This weekend was one of those times when it feels like you worked really hard and have very little to show for it. The weather was hot and humid with very little wind. It was a perfect time to test out my insulation and AC.
I ran the AC unit on and off all day Saturday and Sunday. It turns out that the table saw and AC unit do not play well on the same generator. I have been using the battery box as a saw stand so its easy enough to use the disconnect switch to switch off the house while I run the table saw.
The AC unit was probably running half the time and it kept the place very cool. Even with the AC unit off the cold persisted for several hours. My hope was that in the heat of the summer I could run the AC unit for a few hours each night and have the place stay cool all night. Based on my very unscientific test, I think this idea is going to work out well.
The building inspector wanted to see my insulation work before I cover it over….its a required inspection. He’s looking for the correct R value in the walls, correct installation (no gaps etc). He’s also looking to see that each wall cavity has fire blocking where wires run thru it. Unfortunately, my inspector was tied up all weekend with other duties and could not come by for an inspection. I was only able to work on drywall that would not block the insulation. Turns out this was not the problem I thought it would be.
In order to work in the cathedral part of the house, I rented two sets of staging and levelers. The levelers give you an additional 18 inches of height so that your staging sits 8ft off the floor. This height is perfect for attaching sheetrock to the high ceilings.
I needed to take some special insulation precautions around the chimney to maintain a 2 inch clearance. Using some fencing material I made a 12 inch diameter tube (insulation shield) that could be fastened in place around the chimney. At this point it was also important to make sure the chimney was vertical. Since it was a little off, I spent some time tweaking things with wooden blocks to get the chimney positioned correctly.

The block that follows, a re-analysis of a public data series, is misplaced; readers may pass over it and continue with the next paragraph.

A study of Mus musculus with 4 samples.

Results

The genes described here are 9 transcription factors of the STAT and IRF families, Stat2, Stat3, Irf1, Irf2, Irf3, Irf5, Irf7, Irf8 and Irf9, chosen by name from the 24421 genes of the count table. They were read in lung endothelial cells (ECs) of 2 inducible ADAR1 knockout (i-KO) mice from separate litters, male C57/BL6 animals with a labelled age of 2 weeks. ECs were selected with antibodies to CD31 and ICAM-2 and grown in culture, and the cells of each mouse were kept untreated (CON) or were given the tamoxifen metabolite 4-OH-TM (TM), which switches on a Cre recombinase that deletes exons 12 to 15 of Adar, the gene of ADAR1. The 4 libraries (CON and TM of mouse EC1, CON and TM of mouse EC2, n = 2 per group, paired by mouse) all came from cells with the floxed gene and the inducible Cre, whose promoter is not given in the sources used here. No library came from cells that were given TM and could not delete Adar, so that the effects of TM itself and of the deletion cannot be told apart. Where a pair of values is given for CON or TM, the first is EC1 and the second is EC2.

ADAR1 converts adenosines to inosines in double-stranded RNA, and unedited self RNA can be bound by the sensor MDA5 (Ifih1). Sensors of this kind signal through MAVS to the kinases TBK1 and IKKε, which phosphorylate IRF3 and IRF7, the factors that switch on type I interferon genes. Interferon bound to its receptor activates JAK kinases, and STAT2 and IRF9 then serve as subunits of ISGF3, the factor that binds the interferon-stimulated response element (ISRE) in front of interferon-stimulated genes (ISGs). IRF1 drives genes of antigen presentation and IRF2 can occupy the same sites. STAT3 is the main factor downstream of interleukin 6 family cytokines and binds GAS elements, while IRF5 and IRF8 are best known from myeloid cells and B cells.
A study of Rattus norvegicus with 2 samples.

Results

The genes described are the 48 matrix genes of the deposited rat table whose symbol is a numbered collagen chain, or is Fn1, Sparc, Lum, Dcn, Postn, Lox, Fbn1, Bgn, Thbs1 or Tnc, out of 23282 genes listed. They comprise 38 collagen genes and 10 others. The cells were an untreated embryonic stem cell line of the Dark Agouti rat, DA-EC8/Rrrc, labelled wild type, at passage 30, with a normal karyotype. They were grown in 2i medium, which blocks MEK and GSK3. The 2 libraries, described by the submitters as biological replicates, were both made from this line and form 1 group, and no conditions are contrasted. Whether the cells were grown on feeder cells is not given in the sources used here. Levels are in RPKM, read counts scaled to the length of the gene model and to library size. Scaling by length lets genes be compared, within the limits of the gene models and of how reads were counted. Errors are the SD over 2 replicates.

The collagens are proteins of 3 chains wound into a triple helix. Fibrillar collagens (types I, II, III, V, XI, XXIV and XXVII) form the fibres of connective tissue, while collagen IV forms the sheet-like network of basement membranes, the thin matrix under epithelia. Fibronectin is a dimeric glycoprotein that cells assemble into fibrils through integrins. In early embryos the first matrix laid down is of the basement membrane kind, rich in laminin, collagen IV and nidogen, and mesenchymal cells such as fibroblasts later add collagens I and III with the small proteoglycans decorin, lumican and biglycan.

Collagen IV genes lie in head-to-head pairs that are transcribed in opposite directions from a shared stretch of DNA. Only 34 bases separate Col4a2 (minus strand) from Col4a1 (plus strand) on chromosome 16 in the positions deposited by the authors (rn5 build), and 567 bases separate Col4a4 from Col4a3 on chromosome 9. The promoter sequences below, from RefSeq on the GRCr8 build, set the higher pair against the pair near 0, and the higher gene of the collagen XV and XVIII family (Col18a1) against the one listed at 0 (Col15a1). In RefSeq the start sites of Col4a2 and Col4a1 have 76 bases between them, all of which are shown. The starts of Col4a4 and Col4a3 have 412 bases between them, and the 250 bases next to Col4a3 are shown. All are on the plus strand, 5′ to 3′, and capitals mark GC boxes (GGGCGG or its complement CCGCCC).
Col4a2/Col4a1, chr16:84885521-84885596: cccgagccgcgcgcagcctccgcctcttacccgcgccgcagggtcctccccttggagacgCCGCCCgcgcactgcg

With the chimney and insulation shield in place, additional insulation was stuffed into the areas around the chimney.
Each window has a 5 1/2 inch “lip” around it that needs to be covered in drywall. The guy that installed the windows (me) did not put them all in exactly the same place. That required me to cut different thickness shims for each side of every window. Thats 54 different sized shims. Makes me wish I had taken more time installing the windows!
By late Sunday afternoon all the windows and doors openings had custom fitted drywall. I also injected foam into the seams for some additional insulation. The next step was drywall in the bathroom. With the bathroom wall being a funky combination of kitchen cabinet, plumbing, and medicine cabinet there was a lot of detail framing that needed to be done.
In the end, the kitchen/bath wall has been configured for a medicine cabinet and small shelf over the toilet on the bathroom side. On the kitchen side there are two large cabinets on either side of the sink and possibly a shelf or two between them.